A Brill Calendar: March 20
"Management" and Winslow Taylor
Few of those charged with the translation of languages that are graced by a substantial literature fail to notice pitfalls associated with translating texts.
World history during the 20th century saw to it that these linguistic problems are becoming (albeit sluggishly) less pressing. The slow transmutation of English into the primary second language of the world’s population takes credit for this crucial evolution; near enough an autonomous growth, especially among adolescents everywhere, with the end not in sight.
The versatile polyglot of Western traditions – represented by a scholar understanding and reading, speaking and writing more than a few languages – could be a vanishing breed. These days it suffices more often than not to be a ‘diglot’: fluent both in mother’s tongue and prepared to do battle with the language that made poets of Chaucer, Milton and Shakespeare.
Many academicians structure all their work - for a wealth of reasons - from the very beginnings deliberately in English, even if it isn’t their mother-tongue; knowing that translation into a foreign language takes linguistic genius & a fair amount of simpatico on behalf of the translator.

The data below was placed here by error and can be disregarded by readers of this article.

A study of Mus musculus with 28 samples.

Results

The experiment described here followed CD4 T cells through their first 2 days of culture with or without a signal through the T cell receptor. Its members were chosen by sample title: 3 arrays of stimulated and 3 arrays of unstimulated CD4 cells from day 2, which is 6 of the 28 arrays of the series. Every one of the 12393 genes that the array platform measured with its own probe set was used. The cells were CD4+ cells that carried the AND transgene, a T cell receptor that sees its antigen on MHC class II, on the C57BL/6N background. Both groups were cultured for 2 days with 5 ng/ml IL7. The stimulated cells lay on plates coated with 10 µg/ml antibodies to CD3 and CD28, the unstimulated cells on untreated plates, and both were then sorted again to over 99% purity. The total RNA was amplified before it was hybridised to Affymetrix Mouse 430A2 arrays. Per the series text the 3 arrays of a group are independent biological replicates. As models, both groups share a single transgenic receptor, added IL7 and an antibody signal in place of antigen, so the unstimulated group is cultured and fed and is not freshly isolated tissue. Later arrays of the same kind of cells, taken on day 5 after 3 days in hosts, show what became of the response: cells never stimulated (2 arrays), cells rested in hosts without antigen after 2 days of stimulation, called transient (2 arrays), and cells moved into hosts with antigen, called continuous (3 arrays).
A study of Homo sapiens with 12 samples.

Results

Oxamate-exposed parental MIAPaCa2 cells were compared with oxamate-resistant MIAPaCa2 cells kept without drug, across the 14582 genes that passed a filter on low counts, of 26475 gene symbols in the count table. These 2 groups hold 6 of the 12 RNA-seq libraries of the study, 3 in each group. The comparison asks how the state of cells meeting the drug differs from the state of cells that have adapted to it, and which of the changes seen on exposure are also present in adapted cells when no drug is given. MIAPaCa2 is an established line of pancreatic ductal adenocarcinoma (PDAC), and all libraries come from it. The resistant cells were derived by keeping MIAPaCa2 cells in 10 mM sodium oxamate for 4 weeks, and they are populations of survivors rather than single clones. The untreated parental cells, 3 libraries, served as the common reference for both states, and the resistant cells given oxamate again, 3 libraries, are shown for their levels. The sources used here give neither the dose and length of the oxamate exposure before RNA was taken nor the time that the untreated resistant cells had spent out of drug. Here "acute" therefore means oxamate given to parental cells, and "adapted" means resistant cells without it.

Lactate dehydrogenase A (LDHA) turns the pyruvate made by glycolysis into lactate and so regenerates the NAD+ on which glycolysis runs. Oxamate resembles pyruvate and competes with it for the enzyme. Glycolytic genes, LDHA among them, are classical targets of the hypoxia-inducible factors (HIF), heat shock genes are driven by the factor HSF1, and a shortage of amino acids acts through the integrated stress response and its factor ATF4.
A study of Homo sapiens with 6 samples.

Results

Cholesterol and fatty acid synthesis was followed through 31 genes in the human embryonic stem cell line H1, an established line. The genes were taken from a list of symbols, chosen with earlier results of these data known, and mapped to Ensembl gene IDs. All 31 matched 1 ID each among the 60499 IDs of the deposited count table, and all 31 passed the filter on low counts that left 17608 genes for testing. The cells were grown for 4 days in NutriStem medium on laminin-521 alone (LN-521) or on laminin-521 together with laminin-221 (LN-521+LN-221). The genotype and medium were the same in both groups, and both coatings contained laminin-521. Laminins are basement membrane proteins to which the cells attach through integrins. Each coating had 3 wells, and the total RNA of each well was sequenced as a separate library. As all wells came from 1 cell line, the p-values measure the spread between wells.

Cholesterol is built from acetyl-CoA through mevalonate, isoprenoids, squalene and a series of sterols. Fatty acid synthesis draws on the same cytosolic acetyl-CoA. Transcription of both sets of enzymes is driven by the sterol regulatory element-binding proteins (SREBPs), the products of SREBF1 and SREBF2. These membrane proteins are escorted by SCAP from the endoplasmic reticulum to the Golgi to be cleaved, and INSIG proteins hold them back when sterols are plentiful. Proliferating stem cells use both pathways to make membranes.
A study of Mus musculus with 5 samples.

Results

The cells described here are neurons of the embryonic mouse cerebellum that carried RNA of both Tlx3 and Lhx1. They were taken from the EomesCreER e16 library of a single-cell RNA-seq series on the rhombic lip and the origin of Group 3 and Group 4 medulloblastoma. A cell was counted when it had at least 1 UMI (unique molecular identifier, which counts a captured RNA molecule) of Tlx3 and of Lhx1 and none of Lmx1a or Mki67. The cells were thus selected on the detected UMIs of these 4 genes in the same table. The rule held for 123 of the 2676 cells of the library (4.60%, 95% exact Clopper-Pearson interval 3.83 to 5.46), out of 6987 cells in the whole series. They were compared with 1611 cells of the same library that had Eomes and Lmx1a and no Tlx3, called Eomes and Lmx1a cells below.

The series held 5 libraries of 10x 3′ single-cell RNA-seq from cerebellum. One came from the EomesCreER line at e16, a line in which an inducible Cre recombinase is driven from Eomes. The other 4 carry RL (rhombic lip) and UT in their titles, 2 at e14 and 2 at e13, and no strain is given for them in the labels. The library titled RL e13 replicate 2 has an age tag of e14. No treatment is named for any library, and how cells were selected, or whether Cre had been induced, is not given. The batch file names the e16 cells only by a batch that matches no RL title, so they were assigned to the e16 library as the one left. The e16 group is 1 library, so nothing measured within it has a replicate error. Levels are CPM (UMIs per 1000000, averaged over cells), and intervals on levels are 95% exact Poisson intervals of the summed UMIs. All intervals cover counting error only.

In the hectic pace of an international career enabled by a recommendable command of English, it is seldom considered explicitly that language is not just a handy way to deal with other people, but also a main ingredient of what we are ourselves. Two generations ago the word ‘management’ – for instance – was hardly heard in The Netherlands, let alone ‘scientific management’. That term was coined by an American, Frederick Winslow Taylor (March 20 1856 – March 21 1915; both in Philadelphia) some 130 years ago. Later, Taylor also claimed the invention of “a new profession, that of consulting engineer in management”.
It has been said that we belong to language and history before they belong to us. Scholars do create language; however they are being created by language themselves as well; both components of that brace are baffling and only superficially understood.